Jump to: Write a meal plan with a shopping list and only buy the ingredients needed | Mix up your protein sources | Do online shopping
The current economic climate can be challenging, and eating healthier can be pretty daunting, with many people concerned that eating a healthy diet will ramp up the cost of their groceries.
Fortunately, eating healthy doesn’t always mean spending more money on food. We’ve got a comprehensive guide on how to eat healthy on a budget here – and below, we’ve outlined three simple, practical ways that you can save money on your groceries from today.
At Second Nature, you’re provided with a registered dietitian who can provide 1-2-1 support to help you eat a healthy diet, whatever your budget.
If you’d like to join 150,000 others who’ve joined Second Nature, saving money on their groceries and achieving a healthier lifestyle for less – click here to take our health quiz.
1) Write a meal plan with a shopping list and only buy the ingredients needed
You often see people buying a large bag of carrots that week despite only needing one for their lasagne or slaw. Then the carrots sweat away in the bottom of the fridge, eventually making their way into the bin; thus adding more food waste and costing you money in the short and long run.
There are some examples where bulk buying will save you money, like larger bags of brown rice. However, when it comes to fresh food, it’s best to avoid bulk buys and only grab the amount of produce you need for the week ahead.
2) Mix up your protein sources
Protein is typically the most costly addition to our weekly shopping trolleys than fat and carbohydrates.
While meat is an excellent source of protein and essential micronutrients like B12, iron, and zinc, it can help to add flexibility to the protein sources in your meals across the week.
Not only will this help you save some money, but it’ll also help you add greater variety to your diet, ensuring you provide your body with everything it needs to thrive.
Beyond meat, here are three excellent sources of protein to add to your weekly shop:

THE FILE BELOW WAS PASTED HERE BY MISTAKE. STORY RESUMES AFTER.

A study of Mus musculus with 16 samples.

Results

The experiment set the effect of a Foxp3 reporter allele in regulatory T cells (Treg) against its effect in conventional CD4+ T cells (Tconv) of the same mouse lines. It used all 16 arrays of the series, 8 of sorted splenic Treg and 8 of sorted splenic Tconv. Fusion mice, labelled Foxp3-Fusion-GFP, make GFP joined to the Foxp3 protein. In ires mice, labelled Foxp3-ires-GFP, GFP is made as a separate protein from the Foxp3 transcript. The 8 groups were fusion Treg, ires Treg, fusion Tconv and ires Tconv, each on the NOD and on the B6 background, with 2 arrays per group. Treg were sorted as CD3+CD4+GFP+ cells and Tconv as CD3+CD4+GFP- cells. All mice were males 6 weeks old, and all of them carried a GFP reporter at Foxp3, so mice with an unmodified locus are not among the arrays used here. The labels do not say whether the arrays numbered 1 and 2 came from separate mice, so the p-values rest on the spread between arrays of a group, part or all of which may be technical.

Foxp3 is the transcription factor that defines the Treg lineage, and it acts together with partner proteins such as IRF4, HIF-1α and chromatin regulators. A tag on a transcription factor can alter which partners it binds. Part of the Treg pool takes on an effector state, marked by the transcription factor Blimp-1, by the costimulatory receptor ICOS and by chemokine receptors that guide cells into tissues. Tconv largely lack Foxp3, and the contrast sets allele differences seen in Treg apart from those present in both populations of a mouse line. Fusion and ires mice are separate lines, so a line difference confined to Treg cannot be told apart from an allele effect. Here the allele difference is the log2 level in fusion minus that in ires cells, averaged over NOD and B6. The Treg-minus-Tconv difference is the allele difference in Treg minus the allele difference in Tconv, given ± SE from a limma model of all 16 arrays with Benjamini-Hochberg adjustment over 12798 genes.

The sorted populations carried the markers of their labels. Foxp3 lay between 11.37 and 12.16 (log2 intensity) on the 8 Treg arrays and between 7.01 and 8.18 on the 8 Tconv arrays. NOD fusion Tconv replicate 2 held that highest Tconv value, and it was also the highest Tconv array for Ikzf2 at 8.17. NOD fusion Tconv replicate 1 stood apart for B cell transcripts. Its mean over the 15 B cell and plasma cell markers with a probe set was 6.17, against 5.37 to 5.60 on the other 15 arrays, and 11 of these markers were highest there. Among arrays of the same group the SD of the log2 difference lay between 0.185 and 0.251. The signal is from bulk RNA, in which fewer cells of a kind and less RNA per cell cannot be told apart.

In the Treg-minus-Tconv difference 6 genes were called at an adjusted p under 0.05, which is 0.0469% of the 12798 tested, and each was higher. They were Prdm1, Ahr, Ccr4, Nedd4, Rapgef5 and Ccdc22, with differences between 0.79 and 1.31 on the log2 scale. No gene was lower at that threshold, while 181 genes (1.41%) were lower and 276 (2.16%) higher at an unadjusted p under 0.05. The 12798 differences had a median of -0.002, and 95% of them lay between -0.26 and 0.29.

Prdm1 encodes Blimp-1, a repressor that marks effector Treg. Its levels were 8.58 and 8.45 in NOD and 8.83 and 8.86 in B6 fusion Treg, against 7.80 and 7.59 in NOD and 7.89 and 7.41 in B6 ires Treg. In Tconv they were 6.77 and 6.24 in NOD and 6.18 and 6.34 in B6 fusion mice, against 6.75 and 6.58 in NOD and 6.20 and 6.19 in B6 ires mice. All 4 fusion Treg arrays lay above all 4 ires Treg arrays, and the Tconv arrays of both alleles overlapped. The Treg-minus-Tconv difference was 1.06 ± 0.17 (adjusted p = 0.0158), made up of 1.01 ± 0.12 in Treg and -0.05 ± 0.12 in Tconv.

A good source of plant-based protein, tofu is cheap, easy to cook with, and can replace meat in many different ways. Make sure you leave the tofu on some kitchen towels for 10 minutes before cooking to soak up the added water.
One thing to be aware of is that tofu is low in the essential amino acid methionine, which plays a vital role in helping our body produce antioxidants to maintain good health. So ensure you’re adding in some nuts and seeds or some brown rice, as they’re a good source of methionine.
Protein: ~18.8g per 100g
Cost: ~€1.11 per 100g
Recipe: Try our tofu scrambled eggs recipe here.
At $0.27 per 100g, lentils are one of the lowest-cost sources of protein you can buy. They’re also a good source of potassium, which helps to regulate our blood pressure.
However, lentils are low in the essential amino acid methionine (described above), so be sure to pair lentils with nuts or seeds.
Lentils also contain an anti-nutrient known as phytic acid, preventing iron absorption in your meals. Iron is essential in transporting oxygen around your system, and low intake can lead to lethargy and potentially anaemia.
If you soak the lentils for around 12 hours before cooking and consume a source of vitamin C in your meals (tomatoes, peppers, broccoli), this will help to reduce the impact of phytic acid and boost iron absorption. You could also buy canned lentils, which have already been soaked and cooked.
Protein: ~25g per 100g
Cost: ~€0.27 per 100g
Recipe: Try our coconut dhal recipe here and serve with roasted nuts and seeds sprinkled over the top with some brown rice.
Eggs are possibly the most cost-effective source of high-quality animal protein. They contain all the essential amino acids needed for human health and are a rich source of vitamin A, iodine, B12, and selenium.
Eggs are typically viewed as a ‘breakfast’ food, but recipes such as shakshuka and other baked egg recipes can be enjoyed any time of the day. They’re also easy to cook with and quick to turn into a meal on a busy weekday evening.
Protein: ~12g per 100g
Cost: ~€0.33 per 100g
Recipe: Try our shakshuka recipe here.
One of the easiest ways to rack up costs on your food bill is by falling prey to the strategies supermarkets use to encourage you to buy more. Research has shown that supermarkets ensure their best-selling products are at eye level, tempting you with deals and offers at the front of the store and at the end of the aisles.
By shopping online, you avoid this temptation to buy items beyond your shopping list and can simply search for what you need, add them to the list, and you’re on your way.